Max Weber Lecture by John M. Najemy, 11 December 2013, 17.00, Badia, Refettorio
“Machiavelli and History”
John M. Najemy will deliver the third Max Weber Lecture in December.
The speaker is Professor of History at Cornell University. He did his B.A at Princeton (19754) and his PhD at Harvard (1972). He is the author of A History of Florence 1200-1575 (Oxford 2006), Between Friends: Discourses of Power and Desire in the Machiavelli-Vettori Letters of 1513-1515 (Princeton 1993). Corporatism and Consensus in Florentine Electoral Poliitcs, 1280-1400 (University of North Carolina Press 1982). He is editor and contributor of The Cambridge Companion to Machiavelli (Cambridge 2010) and of Italy in the Age of the Renaissance, 1300-1550 (Oxford 2004). He was a Visiting Professor at Villa I Tatti in 1998-1999.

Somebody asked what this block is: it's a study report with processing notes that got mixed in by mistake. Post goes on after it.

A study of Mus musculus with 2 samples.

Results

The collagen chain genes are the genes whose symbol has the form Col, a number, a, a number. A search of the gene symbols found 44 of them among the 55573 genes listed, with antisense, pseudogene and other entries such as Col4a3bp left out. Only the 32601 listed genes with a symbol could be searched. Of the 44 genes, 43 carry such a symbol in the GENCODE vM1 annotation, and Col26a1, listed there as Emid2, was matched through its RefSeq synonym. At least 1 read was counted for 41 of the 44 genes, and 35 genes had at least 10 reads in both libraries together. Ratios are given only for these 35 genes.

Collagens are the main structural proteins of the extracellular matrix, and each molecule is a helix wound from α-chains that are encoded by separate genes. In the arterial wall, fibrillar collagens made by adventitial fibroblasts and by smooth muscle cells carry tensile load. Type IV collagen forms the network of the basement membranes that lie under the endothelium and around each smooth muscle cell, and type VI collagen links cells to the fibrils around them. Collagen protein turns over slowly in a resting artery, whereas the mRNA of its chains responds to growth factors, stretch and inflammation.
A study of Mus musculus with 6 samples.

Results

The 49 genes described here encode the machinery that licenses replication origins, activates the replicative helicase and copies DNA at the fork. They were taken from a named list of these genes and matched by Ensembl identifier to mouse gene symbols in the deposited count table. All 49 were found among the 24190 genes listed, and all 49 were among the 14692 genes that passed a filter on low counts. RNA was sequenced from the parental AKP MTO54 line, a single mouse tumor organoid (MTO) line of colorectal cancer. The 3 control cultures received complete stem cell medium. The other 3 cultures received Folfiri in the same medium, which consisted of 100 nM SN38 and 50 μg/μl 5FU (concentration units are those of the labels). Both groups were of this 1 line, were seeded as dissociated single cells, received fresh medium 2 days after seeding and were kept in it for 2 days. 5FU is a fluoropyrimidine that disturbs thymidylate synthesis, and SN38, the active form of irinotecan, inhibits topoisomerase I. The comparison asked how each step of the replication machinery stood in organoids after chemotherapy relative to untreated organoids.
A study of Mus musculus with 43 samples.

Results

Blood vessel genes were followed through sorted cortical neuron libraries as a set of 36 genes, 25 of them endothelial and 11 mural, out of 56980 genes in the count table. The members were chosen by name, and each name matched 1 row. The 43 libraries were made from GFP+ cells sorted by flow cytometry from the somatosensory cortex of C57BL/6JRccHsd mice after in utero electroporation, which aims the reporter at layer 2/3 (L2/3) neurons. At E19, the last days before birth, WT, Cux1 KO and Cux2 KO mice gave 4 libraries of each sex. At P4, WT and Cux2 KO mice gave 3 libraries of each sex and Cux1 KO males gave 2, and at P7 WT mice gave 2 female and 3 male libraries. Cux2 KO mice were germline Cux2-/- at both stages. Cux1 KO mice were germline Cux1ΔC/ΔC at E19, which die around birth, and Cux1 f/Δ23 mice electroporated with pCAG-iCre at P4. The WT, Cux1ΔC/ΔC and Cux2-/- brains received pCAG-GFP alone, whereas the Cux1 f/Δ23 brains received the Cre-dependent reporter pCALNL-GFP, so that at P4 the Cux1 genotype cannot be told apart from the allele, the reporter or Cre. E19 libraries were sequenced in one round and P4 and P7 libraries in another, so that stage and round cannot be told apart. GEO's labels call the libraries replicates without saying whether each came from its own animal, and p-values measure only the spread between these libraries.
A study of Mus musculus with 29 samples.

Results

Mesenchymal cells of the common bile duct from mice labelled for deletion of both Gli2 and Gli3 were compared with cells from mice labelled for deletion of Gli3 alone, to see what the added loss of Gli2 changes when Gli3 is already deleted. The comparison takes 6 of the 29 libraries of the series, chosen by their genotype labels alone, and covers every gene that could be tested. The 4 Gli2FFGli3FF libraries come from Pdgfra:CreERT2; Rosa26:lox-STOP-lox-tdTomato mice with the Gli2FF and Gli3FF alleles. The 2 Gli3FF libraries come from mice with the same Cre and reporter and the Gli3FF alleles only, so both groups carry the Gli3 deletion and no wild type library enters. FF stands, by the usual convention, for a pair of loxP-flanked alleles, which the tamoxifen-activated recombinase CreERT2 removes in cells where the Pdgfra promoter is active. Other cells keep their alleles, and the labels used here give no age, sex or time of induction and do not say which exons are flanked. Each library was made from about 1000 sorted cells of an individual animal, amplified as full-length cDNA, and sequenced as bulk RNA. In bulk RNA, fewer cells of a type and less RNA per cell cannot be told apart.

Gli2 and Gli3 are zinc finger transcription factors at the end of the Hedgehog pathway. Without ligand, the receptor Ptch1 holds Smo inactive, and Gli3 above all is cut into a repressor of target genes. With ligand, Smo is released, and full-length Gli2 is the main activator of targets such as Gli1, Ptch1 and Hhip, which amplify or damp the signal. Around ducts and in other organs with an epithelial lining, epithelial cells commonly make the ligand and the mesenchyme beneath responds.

The Lecture will focus on History as the bedrock of Machiavelli’s political thought. Dismissing the celebratory traditions of humanist historiography, he looked to history for the causes of a degraded present. Yet history itself was an unsettled concept for him. He never fully shared humanist notions of the superiority and emulation of an idealized antiquity and recognized the fragmentary and fleeting nature of historical knowledge. He likewise exposed fashionable philosophies of history (cyclical recurrence, the constancy of human passions, celestial influences, laws of nature, and fortune) as seductive fictions that purveyed the false consolation of inevitability in the face of history’s seeming irrationality. Accepting the contingency and tragedy of history, he sought the etiology of Italy’s catastrophe in a critical history of two intractably contingent and conditional phenomena – power and conflict.